Staff and students to work with Inter Pipeline Ltd. to advance reuse and recycling
The largest applied research partnership in NAIT’s history will see the polytechnic partner with Inter Pipeline Ltd. in a 10-year, $10-million effort to reduce plastic waste.
The Calgary-based energy infrastructure company is expanding into the petrochemical business with the construction of its Heartland Petrochemical Complex, slated for completion in late 2021 in Strathcona County. The $3.5-billion complex will produce polypropylene pellets used to manufacture recyclable products including medical equipment and textiles.
The partnership, called Plastics Research in Action, will see NAIT researchers and students work with Inter Pipeline on projects to advance the reuse and recycling of plastic in Canada and around the world.
"The end game is preventing plastic waste."
“Ultimately, I think everyone agrees the end game is preventing plastic waste. That’s why I consider today’s announcement to be a completely necessary and crucial step,” said Chris Bayle, president and CEO of Inter Pipeline at the announcement of the partnership Tuesday in NAIT’s state-of-the-art Productivity and Innovation Centre.
Almost 80% of all post-consumer plastics in Canada currently end up in landfills, he added. “This is the right project being done in the right place at the right time,” said Bayle of the partnership with NAIT. “We recognize fully that sustainability is a critical component of our business.”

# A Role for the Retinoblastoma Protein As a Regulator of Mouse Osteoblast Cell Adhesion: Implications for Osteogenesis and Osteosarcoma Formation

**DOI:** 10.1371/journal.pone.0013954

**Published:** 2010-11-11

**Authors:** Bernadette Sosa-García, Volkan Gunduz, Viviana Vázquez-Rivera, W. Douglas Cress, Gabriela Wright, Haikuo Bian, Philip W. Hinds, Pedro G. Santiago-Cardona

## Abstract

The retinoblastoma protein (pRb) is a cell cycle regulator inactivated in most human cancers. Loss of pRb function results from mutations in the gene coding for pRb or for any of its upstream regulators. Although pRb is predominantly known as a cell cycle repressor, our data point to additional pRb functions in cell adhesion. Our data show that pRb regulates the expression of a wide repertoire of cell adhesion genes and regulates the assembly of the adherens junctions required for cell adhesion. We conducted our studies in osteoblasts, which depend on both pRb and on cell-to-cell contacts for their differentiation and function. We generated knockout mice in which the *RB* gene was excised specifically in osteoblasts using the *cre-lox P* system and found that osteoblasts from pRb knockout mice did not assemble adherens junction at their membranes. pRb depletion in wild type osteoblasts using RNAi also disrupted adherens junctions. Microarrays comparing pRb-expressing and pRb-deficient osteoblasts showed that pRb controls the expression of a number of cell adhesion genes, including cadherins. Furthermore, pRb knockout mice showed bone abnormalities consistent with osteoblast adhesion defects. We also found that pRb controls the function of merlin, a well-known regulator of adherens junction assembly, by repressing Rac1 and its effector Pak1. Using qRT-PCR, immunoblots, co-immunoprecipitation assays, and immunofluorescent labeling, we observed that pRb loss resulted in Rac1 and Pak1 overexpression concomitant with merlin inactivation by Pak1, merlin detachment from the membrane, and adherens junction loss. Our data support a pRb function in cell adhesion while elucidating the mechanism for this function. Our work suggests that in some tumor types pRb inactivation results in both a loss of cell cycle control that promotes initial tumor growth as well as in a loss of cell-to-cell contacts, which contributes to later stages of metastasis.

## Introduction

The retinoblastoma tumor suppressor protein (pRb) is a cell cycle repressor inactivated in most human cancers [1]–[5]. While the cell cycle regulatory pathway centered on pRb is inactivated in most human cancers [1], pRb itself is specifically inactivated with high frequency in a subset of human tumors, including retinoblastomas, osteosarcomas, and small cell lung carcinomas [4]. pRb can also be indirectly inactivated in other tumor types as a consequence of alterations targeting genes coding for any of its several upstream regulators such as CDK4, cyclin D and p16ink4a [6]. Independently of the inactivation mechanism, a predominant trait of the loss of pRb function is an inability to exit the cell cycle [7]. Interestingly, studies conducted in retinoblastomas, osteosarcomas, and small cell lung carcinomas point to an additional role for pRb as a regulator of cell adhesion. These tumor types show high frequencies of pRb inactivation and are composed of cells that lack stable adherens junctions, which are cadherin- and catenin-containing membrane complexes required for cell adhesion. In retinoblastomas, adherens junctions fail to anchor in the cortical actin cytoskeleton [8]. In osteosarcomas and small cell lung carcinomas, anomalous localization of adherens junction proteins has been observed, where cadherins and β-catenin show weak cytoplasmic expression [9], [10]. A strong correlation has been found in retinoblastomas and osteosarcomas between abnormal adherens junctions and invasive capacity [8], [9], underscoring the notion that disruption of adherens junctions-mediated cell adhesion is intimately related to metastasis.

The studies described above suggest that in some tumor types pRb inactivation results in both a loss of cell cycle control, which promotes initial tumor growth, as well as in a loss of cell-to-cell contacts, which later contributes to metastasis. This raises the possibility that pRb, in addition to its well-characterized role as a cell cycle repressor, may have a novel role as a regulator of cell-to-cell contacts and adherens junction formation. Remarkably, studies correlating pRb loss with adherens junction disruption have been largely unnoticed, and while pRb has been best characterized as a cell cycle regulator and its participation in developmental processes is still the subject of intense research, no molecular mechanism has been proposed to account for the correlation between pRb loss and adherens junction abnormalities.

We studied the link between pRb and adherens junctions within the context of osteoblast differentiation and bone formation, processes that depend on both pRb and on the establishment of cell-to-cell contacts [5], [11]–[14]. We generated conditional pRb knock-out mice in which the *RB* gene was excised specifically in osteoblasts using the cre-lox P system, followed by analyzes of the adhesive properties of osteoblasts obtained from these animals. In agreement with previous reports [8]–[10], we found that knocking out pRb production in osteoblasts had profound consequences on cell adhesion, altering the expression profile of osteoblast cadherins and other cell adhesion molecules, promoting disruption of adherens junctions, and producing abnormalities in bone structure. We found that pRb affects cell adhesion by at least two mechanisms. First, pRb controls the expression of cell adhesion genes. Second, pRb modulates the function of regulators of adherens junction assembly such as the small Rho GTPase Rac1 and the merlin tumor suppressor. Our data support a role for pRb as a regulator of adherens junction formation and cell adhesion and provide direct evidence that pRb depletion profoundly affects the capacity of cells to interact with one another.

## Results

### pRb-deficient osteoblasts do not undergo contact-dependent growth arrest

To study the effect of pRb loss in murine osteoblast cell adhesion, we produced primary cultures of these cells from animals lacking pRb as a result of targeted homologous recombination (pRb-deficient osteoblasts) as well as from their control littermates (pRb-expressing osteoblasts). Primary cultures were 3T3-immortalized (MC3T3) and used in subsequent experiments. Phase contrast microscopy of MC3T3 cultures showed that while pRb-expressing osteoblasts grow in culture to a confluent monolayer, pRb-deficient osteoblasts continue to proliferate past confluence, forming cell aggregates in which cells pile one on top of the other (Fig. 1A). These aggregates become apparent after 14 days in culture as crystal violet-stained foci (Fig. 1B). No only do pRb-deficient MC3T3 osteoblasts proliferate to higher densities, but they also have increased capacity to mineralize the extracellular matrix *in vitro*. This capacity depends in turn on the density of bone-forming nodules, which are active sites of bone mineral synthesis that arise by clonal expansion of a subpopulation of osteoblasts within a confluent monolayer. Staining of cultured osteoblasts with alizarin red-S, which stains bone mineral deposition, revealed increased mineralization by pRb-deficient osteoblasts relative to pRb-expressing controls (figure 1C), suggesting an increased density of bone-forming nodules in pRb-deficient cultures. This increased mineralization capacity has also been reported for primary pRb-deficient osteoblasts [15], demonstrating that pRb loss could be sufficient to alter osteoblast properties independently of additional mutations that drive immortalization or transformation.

“This agreement showcases how NAIT plays a vital role in helping industry to find solutions to the problems they’re facing,” said Dr. Glenn Feltham, NAIT’s president and CEO.
NAIT chosen for reputation and facilities
Inter Pipeline chose NAIT as its partner because of the polytechnic’s expertise in applied research, its leading-edge facilities and its students, who will participate in the work, said Michelle Dawson, general manager, regulatory, land and stakeholder relations for Inter Pipeline. “All of those things were a huge attraction for us.”
Potential research projects will focus on opportunities to reuse plastics and remanufacture them into building products, or even new fuels, she added.
“We don’t want to write a paper on it; we’re looking for technology that we can implement and make real reductions,” Dawson said.
"We’re looking for technology that we can implement."
“We have decided to spend money on taking plastics out of the environment that exist today – plastics that are a problem right now. We intend to start [the project with NAIT] prior to our facility even going into service.”
Student researchers at NAIT are already working on “technology scans,” or surveys to determine the technologies currently available to reuse and remanufacture plastic and to manage plastics in waterways.
The funding is a federal investment made through the Strategic Innovation Fund.